Rasmus Hansen: “We’re probably underdogs going into the game. We play with our hearts. We play for the club.” (Photo courtesy of LIU Athletics Communications)

By Michael Lewis

FrontRowSoccer.com Editor

BROOKLYN, N.Y. — Four years ago, Rasmus Hansen journeyed from his native Denmark to get an education in the United States.

As a senior who is a triple major at Long Island University Brooklyn — in finance, management and marketing — he also has given an education to opposing defenders in college and the National Premier Soccer League on how to defend speedy midfielders and forwards.

On Sunday night, it was Cosmos B’s turn to learn more about Hansen, who connected twice within a 28th-minute span in the second half, including the game-winner in the 85th minute to boost the Brooklyn Italians to a 3-2 triumph in a Lamar Hunt U.S. Open Cup play-in match at LIU.

The win was a big deal for Brooklyn, which is composed of college players mostly from St. Francis Brooklyn, St. John’s University and some New Jersey schools. The Cosmos had several players with Major League Soccer experience.

“We’re probably underdogs going into the game,” Hansen said. “We play with our hearts. We play for the club. We’re all here for the summer. We want to develop as much as possible, just make it as far. So, beating a big deal like the Cosmos is makes a great deal to us.”

That Hansen was able to a vital factor in the Italians’ victory wasn’t lost on LIU Brooklyn head coach TJ Kostecky, who watched the game with several hundred spectators at the LIU Athletic complex.

The 5-11, 160-lb. Hansen, who has tallied 28 goals in his first three seasons with the Blackbirds, was the 2017 Northeast Conference player of the year. He worked on his finishing during the spring season, scoring four times.

“Rasmus had a particularly good match,” Kostecky said. “He’s had a very strong spring season for us. He finished off where he left off. He was NEC player of the year in the fall and is very committed to improving his game … which was one of his objectives to finish goals. And today, he had perhaps three chances, and finished two good ones. Especially the game-winner. Creating that on his own was pretty interesting and special.”

While Hansen will get the glory and the headlines for his goal-scoring heroics, Kostecky was just as impressed of his forward for his work behind the ball.

“I’m proud, very proud, certainly and not just for the scoring part, but for the defensive work load and the effort he put him on the defensive side,” he said. “That’s the other part of his game, that he has been committed to growing, not only being an offensive threat, but being an asset on the defensive side. You can see how much they had to absorb [from] the Cosmos. He was worked as hard as he could on the defensive side to making sure he can prevent opportunities for their backs to move forward.”

Of course, Hansen is at his best at going forward.

Exhibit A:

With the game tied at 1-1 Hansen scored off a breakaway in the 58th minute to lift Brooklyn into a 2-1 advantage.

“In games like this, you get one, maybe two chances,” Hansen said. “Today, I was lucky to get two. I’m fortunate that I scored on both of them. We’ve been looking at video all week. We wanted to target the space behind their backs because they’re very offensive, but we saw there were opportunities to get in behind them. I just tried my best to get into these pockets and it worked for us today.”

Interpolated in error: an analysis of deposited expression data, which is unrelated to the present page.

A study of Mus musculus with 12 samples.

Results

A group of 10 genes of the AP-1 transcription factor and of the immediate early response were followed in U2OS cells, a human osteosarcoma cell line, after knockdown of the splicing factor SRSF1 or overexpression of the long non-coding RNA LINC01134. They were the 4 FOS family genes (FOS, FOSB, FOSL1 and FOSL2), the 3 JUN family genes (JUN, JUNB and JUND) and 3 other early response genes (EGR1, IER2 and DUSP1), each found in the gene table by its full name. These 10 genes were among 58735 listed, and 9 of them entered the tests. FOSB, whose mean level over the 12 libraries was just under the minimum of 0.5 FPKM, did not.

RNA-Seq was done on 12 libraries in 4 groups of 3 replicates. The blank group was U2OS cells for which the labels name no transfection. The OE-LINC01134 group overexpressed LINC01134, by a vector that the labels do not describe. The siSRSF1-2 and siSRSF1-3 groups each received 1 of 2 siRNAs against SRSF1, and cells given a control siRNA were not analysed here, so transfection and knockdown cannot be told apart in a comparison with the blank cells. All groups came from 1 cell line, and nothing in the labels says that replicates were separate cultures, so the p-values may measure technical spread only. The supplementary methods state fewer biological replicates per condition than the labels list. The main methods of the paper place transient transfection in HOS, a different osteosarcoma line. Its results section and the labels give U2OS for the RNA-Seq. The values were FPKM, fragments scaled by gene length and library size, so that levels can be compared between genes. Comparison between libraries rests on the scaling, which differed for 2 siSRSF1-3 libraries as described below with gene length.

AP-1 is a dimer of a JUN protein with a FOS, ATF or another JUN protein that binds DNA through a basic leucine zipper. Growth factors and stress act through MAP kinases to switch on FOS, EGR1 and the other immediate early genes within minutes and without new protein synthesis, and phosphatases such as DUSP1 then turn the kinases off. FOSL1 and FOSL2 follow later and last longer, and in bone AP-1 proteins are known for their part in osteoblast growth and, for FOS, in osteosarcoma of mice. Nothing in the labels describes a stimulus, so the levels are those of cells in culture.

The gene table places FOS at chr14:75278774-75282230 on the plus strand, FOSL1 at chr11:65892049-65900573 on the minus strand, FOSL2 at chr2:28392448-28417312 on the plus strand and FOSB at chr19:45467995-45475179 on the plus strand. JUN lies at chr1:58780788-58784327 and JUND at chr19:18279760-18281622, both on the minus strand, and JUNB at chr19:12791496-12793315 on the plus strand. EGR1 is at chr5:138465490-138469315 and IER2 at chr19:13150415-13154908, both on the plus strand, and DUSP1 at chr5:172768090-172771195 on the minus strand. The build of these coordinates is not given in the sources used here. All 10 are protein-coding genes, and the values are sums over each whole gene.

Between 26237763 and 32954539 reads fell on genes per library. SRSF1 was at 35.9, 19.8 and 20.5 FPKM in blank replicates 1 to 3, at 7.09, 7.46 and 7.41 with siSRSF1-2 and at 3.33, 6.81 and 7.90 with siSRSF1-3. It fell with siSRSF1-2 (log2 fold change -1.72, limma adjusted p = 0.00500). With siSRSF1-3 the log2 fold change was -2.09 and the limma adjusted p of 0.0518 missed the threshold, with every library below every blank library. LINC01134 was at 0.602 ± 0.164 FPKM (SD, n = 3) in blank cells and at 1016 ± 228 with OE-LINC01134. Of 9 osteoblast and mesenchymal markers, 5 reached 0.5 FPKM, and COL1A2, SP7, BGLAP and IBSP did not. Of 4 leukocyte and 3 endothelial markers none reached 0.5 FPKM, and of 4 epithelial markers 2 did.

Exhibit B:

After the Cosmos equalized, Hansen saved his best for last, latching onto a pass on the right flank, racing down the side before cutting in and beating goalkeeper Macklin Robinson.

“I was just trying to get into position,” he said. “I felt great today. I felt fit and I felt I could run with them, so I wanted the ball over the top, try to stay as composed as possible and get the shot off as soon as possible so they goalie wouldn’t have expected it. It went through a couple of legs and in the goal. It was beautiful. It was a good moment.”

Hansen is quite familiar with the Italians’ storied history, having captured the Open Cup in 1979 and 1991.

“Obviously, I am foreign, but I feel like I’m part of the club,” he said. “I give all I have for the club and they give everything back as players. I know it’s a proud club. If you go to the clubhouse, there’s no space for trophies. So that shows how rich a club it is and the culture. We’re such a diverse team, but we come together, and we really play for the Italian spirit.”

The NPSL team can thank LIU and Kostecky for Hansen.

Four years ago. Kostecky was looking for some attacking players and he felt Hansen would be a great addition. He sold the Danish Under-18 national team and Brondby youth player on LIU for several reasons — the soccer, the education, the possibility of interning on Wall Street and playing with the Italians.

“He was very attracted to studying in New York and specifically in Brooklyn,” Kostecky said. “We talked to him about the opportunity of playing here for the Brooklyn Italians, actually and internship opportunities. One of the things that appealed to him was having a plan for him in the summer.”

This is the third summer Hansen will remain in Brooklyn and not return home.

“He has a tremendous internship in Manhattan with a Wall Street company also,” Kostecky said. “So, those were appealing to him and it’s come through.”

And Kostecky and the Blackbirds will have Hansen for one more season this fall before graduating in December with a grade-point average of more than 3.6.

But before Hansen can focus on LIU, he and his Brooklyn teammates must worry about Lansdowne Bhoys in the Open Cup first round there at 8 p.m. ET Wednesday.

The Italians have little time to catch their collective breath.

“That’s how the summer is, but you get used to it,” Hansen said. “College is like that as well. We’ll be ready, we’ll be ready.”